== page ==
Everything You Need to Learn About Lung Cancer Screening

If you search for the most common cancer for both men and women in the United States, lung cancer would be in the top two. Then, if you look up the leading cancer-related deaths in the USA in 2019, lung cancer would have to top the list—having 23 percent of all cancer-related deaths is more than the percentage of colon and rectum, female breast, and prostate cancer deaths combined.

Lung cancer can be as deadly as it may seem, but once you detect it early, your chances of survival could be significant. In illnesses like this, early diagnosis can help make treatment more effective. The main problem would have to be that people with this type of cancer often have unnoticeable symptoms in the early stages, so they don’t get treatment until the cancer advances significantly. 

Your best option is to go through a lung cancer screening every year, especially if you think you are at risk. Lung cancer screening is a significant preventive measure where experts use unique X-ray technology to scan your lungs before developing any symptoms.

If you want to learn more about lung cancer screening and what it can do for you, keep reading.

Are You at a Higher Risk of Having Lung Cancer?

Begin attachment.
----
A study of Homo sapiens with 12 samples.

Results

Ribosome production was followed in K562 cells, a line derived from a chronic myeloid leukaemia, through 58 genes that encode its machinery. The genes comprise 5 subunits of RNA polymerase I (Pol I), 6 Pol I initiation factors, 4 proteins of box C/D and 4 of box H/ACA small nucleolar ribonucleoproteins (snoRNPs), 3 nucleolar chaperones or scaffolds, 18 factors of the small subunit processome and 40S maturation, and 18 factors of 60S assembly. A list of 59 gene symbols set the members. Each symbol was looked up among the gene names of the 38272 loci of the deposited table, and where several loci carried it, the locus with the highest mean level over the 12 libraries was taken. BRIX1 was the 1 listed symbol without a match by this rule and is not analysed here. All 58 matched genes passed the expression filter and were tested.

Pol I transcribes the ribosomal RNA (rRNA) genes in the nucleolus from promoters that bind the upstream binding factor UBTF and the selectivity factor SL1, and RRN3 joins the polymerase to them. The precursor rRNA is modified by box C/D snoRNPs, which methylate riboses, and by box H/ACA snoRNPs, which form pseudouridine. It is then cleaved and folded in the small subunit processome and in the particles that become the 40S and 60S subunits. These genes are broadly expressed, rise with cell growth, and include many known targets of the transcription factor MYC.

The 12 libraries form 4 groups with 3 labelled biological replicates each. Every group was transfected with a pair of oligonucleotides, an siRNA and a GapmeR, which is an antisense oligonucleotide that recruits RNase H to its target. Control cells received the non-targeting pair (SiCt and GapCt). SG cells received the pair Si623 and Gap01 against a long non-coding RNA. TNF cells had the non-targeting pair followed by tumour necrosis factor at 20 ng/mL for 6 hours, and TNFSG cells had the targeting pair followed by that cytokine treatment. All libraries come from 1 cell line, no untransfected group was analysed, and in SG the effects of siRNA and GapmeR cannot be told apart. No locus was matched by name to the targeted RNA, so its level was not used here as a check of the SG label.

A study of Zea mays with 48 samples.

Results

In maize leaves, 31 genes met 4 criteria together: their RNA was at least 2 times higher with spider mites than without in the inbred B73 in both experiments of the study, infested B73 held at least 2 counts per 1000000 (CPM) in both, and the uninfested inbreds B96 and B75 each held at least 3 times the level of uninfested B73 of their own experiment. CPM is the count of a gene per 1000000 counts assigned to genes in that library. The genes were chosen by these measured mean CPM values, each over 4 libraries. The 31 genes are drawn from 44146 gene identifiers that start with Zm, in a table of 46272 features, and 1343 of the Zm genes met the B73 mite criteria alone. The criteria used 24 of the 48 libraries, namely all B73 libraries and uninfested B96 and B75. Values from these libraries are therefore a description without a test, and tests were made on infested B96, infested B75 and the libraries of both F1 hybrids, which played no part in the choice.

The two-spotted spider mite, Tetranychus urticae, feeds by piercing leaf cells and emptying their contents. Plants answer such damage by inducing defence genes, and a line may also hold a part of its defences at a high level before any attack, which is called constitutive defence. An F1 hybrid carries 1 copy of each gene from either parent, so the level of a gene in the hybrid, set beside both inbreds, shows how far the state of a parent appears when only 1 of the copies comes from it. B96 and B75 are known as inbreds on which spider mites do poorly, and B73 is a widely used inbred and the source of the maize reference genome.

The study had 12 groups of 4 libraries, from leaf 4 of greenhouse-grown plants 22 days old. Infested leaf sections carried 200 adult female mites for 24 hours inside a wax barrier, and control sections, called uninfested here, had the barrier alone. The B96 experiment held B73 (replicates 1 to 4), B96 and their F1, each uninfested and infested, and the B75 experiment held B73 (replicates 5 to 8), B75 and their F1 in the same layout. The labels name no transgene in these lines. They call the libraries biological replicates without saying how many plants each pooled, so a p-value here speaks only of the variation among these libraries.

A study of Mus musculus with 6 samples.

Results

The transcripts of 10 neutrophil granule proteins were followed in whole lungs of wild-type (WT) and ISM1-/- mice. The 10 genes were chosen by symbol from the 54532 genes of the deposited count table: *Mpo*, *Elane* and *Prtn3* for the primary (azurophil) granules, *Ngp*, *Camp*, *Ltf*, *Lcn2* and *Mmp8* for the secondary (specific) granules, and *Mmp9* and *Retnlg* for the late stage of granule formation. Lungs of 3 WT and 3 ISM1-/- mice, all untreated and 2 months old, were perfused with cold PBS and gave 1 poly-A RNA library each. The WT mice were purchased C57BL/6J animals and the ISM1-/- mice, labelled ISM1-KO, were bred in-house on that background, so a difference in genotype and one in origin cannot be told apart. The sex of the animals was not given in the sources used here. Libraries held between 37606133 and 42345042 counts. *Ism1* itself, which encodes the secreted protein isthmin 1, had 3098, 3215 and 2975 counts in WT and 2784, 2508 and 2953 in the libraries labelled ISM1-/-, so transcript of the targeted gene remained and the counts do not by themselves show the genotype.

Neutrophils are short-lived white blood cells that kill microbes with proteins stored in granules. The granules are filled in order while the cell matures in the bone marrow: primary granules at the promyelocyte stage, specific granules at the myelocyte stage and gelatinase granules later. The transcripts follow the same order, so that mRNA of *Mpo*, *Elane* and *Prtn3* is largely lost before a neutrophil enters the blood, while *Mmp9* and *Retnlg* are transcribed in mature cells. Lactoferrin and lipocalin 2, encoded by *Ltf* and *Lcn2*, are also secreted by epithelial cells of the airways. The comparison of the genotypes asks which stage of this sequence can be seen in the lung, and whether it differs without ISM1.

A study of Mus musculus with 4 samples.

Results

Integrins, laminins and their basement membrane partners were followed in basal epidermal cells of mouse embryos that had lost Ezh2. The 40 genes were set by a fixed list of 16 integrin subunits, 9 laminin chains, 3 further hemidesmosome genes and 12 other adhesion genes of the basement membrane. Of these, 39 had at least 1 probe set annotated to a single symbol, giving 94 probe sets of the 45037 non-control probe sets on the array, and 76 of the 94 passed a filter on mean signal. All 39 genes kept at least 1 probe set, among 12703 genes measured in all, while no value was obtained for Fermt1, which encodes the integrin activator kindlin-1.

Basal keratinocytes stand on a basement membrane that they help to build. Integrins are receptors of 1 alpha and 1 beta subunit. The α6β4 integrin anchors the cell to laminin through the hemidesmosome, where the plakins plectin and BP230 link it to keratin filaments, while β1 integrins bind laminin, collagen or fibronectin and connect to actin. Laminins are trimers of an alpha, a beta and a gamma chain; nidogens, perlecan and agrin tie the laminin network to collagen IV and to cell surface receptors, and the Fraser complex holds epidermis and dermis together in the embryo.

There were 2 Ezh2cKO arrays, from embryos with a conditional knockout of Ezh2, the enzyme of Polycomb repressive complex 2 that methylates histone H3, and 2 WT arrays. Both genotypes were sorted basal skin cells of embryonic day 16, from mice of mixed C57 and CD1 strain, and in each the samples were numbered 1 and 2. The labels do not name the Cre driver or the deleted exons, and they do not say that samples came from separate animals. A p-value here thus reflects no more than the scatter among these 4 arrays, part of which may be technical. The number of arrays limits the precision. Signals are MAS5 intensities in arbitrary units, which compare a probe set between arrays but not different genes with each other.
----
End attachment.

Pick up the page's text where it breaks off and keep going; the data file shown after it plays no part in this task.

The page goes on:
Physicians recommend lung cancer screenings for those who are at higher risk of getting the disease. Your primary care doctor will consider you at higher risk for lung cancer if you are 55 to 80 years old, have been smoking for the last 15 years, and have a history of smoking of 30 pack-years or more. You can compute your pack years by multiplying the number of packs of cigarettes you smoke by the years you have been smoking.

Aside from smoking, other factors may put you at risk of having the disease. You can also consult your family doctor if you are a non-smoker and think that you are at risk of developing cancer and ask if it would help if you will undergo lung cancer screening.

Annual lung cancer screening is significant for people at higher risk, beginning at age 55 to 80, but doctors sometimes recommend stopping the screening by the mid-70s.

What Do Healthcare Professionals Do in a Lung Screening?

Before, the most effective tool for lung cancer screening was the chest X-ray, but the resulting images were not specific enough. A new procedure has been introduced, and it increases the likelihood of detection and, therefore, the patient’s survival. The device is a low-dose CT scan which is also known as LDCT. 

An LDCT scan is a type of X-ray that uses a minimal dose of radiation, and it does not use intravenous (IV) contrast dye. It takes many detailed pictures of the patient’s lungs, which allows physicians to evaluate the state of the lungs and correctly diagnose the disease. 

Final Thoughts 

Lung cancer screening is crucial for people who might be at high risk of developing the disease. It monitors the health of your lungs and detects any suspected cancers. If your doctor notices an anomaly during early screening, it will significantly help the treatment be more effective. Talk with your primary care doctor if you would like to know if the procedure is necessary for you.

For people in need of primary care in New Jersey, we recommend an appointment with Garden State Medical Group. We have an expert team of board-certified health experts that are masters of the various areas of functional medicine—including diagnostic procedures for illnesses like lung cancer. Contact us today to learn more.